President Obama and Kal Penn

Obama and Kumar go to the DNC

The president and Kal Penn make a play for the Jon Stewart vote -- and prove that they can also be funny and smart


Mary Elizabeth Williams
September 4, 2012 7:40PM (UTC)

Which is more adorable: that the president of the United States is so obviously reaching out for the stoner vote, or that Kal Penn, the star of the "Harold & Kumar" movies, has carved out such an impressive political career? The answer appears to be a dead heat, as evidenced in the promo the two just put together for the Democratic convention. As Penn tweeted late Monday,  "Just got off the phone with the President. It was pretty intense."

In the clip, the commander in chief gets on the phone and, as dramatic music swells, solemnly tells the person on the other end of the line, "Hey, this is Barack. Listen, I need to know if you're on board. OK, good, because I'm counting on you. Everybody is. We have to get this right. So there's a lot at stake here. Just remember that I'm trusting you on this and I'll see you there."


The punch line? Penn, who was the associate director of the White House Office of Public Engagement for two years before leaving to make another "Harold & Kumar" movie, is hosting the Democratic convention live coverage on BarackObama.com this week. He's also speaking at the convention Tuesday night.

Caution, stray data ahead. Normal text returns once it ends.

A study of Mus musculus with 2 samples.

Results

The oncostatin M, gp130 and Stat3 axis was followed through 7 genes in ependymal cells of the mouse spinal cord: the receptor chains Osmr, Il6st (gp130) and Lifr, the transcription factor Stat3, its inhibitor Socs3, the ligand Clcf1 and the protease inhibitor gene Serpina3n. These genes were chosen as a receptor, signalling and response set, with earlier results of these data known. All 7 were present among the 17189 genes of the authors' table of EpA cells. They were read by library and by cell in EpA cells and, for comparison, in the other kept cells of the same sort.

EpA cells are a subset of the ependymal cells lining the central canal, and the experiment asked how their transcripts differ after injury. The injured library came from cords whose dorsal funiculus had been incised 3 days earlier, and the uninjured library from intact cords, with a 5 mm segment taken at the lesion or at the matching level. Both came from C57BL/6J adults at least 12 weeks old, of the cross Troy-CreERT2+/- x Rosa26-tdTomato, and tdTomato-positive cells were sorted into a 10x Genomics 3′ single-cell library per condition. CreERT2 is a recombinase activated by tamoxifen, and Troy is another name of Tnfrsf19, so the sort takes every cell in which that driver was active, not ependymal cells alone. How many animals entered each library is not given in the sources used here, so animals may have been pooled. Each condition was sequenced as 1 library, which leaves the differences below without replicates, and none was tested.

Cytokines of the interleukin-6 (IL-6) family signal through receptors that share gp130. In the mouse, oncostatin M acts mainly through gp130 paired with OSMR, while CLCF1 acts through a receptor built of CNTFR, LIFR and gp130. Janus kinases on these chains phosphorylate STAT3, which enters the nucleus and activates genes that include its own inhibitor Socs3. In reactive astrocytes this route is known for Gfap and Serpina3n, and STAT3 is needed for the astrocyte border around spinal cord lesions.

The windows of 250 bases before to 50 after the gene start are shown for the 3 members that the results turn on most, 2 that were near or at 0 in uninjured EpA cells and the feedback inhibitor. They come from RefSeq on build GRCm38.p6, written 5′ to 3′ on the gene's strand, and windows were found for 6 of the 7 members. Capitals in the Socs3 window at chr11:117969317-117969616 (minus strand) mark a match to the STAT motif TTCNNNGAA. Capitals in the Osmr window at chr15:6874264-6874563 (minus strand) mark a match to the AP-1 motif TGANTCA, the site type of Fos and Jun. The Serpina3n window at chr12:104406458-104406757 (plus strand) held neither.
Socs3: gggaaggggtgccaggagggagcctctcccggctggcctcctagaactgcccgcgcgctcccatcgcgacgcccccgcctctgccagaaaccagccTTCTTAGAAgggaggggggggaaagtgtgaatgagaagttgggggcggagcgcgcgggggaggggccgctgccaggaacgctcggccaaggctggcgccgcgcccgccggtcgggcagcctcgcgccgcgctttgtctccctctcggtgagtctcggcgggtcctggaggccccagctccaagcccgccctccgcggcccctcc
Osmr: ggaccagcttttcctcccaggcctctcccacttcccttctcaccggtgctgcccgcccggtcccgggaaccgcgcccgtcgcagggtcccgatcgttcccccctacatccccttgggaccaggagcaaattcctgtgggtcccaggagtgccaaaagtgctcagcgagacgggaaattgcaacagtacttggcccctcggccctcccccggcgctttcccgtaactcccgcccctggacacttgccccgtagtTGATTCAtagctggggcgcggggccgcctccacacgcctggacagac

Politicians have long known the value of playing it for laughs; aren't we all just steeling ourselves for the inevitable awkward Paul Ryan cameos on "Saturday Night Live" in the weeks to come? But beyond the silliness of putting the president in a goofy clip with the stars of one of the truly great stoner classics of all time is something real: The confident understanding that smart and funny are not opposing concepts.

Unlike the stiff and stuffy jibes at the Republican convention, the DNC (much like Obama's snappy comeback-laden Twitter feed) aspires to a more casual, near rebellious spirit. The result is a targeted appeal to the folks who get their news from Jon Stewart and Stephen Colbert, who know that news, politics and farce go hand in hand. And Penn, with his sly mix of brains, flat-out goofiness and job history with the administration, is a fresh and highly promising choice to cover the convention. He may not ever reach the absurd heights of Dirty Harry arguing with a piece of furniture, but he's definitely the guy you want along while you're polishing off the Fanta, watching the antics unfold absurdly before you.


Mary Elizabeth Williams

Mary Elizabeth Williams is a staff writer for Salon and the author of "A Series of Catastrophes & Miracles."